Traditional leaders an ingonyama trust are stripping women of land, in a manner the victims consider unjust.
However, the Ingonyama Trust Board (ITB) and traditional leaders are forcing women residents on land under its control to sign leases through male proxies, in effect removing their right to own land.
As more women revolt against the unlawful practice, which is widespread throughout KwaZulu-Natal, came to light this week in an application in the high court in Pietermaritzburg by several organisations and rural residents who want the court to halt the board’s lease programme.
The chairperson of the Rural Women’s Movement, Sizani Ngubane, a veteran rural development and gender activist, said in her affidavit that the board was “undermining the security of tenure” of residents by unlawfully “extorting’’ money from them through the lease programme. The rights of women were further undermined by the fact that some amakhosi and the board demanded that the lease be signed by a man.
“I have also heard of cases where the ITB or the inkosi insists that the lease must be in the name of whatever man they find on the property, because they assume that a man must always be the household head. This creates great difficulties if the man is just a boyfriend of the woman who owns and has established the property,’’ she said.
Ngubane said the leases had the effect of placing family land or assets in the hands of a single family member.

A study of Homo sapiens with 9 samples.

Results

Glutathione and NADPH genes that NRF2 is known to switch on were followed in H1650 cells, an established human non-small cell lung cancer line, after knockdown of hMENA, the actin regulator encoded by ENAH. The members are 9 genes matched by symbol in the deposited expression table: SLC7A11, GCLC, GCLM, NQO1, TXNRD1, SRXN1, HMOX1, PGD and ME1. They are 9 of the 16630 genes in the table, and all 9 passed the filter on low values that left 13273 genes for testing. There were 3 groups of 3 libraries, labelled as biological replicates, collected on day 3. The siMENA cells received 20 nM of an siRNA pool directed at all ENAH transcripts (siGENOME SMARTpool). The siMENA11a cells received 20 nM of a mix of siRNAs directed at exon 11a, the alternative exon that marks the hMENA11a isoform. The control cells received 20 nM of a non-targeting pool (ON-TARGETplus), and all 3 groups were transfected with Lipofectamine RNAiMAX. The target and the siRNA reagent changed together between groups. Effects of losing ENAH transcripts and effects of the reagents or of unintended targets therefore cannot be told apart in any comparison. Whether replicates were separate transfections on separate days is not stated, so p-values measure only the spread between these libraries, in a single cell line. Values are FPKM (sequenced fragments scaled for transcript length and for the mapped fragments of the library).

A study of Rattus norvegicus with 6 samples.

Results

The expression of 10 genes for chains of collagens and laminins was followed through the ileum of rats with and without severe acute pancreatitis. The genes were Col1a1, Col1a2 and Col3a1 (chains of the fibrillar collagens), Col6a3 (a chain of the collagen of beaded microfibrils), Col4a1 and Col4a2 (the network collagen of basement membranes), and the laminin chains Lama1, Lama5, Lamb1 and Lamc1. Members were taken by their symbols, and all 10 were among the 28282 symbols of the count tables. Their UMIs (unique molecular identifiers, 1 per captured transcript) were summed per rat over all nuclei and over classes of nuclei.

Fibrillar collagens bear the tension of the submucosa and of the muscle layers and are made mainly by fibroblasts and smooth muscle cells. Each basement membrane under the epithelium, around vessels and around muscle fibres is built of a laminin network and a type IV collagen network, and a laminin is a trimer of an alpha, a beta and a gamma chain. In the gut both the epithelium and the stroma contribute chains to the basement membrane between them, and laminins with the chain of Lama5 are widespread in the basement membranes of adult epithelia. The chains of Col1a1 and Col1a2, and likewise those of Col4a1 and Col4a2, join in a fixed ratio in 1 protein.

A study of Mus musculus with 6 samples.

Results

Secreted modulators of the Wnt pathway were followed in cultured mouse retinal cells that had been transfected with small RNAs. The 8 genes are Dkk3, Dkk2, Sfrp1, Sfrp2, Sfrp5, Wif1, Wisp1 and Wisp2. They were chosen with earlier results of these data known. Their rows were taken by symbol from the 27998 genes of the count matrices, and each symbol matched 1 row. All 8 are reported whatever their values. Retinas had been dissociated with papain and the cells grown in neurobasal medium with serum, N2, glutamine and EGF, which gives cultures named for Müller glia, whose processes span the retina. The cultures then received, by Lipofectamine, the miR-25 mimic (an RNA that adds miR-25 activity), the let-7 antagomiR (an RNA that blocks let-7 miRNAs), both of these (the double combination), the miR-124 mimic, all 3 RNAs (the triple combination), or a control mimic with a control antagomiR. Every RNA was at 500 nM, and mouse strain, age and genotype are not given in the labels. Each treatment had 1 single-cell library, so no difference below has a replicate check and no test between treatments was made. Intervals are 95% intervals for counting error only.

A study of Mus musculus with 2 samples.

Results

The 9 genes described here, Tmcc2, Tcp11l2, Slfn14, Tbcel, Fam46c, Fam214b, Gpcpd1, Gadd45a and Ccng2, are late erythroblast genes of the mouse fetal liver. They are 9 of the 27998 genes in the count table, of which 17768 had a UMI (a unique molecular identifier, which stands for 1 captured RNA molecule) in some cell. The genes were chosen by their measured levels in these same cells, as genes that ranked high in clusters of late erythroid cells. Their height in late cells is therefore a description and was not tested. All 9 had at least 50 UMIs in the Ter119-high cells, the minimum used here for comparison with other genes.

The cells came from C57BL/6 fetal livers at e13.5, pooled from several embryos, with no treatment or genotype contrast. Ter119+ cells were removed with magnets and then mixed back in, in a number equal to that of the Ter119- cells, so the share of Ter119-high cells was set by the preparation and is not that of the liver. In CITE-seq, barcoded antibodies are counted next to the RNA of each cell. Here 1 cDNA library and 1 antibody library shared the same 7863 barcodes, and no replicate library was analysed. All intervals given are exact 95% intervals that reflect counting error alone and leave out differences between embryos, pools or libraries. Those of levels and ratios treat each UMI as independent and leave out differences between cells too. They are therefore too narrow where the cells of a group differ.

“Where this is a man it has a direct negative impact on the tenure security of female members of the family,’’ Ngubane said.
The conversion of customary and permission-to-occupy rights into a lease in the name of a man “formalised’’ the apartheid exclusion of women from land ownership and increased their vulnerability, she said.
“The leases issued by the ITB therefore undermine, rather than enhance, women’s security of tenure.’’
The registration of rights to a single, male, family member altered the power dynamics in families and weakened the rights of other family members.
Ngubane said she had also come across a number of cases in which widows had been evicted from family homes by their sons, who had signed leases, and their wives, because of internal family disputes.
She said that section 9 of the Constitution gave women substantive equality to men and aimed to address the disparity in access to rights, including the right to land, which this equality guaranteed.
“The action of the ITB perpetuates the ideology of male dominance.
Instead of realising the security of tenure of thousands of occupiers of trust-held land, the Ingonyama Trust is infringing them,” she said.
The women, over time, built two six-bedroom houses and outbuildings and spent R3 500 clearing a second plot, which they were given for farming. But, before they could plant, the land was given to other people by the induna, with the inkosi’s knowledge.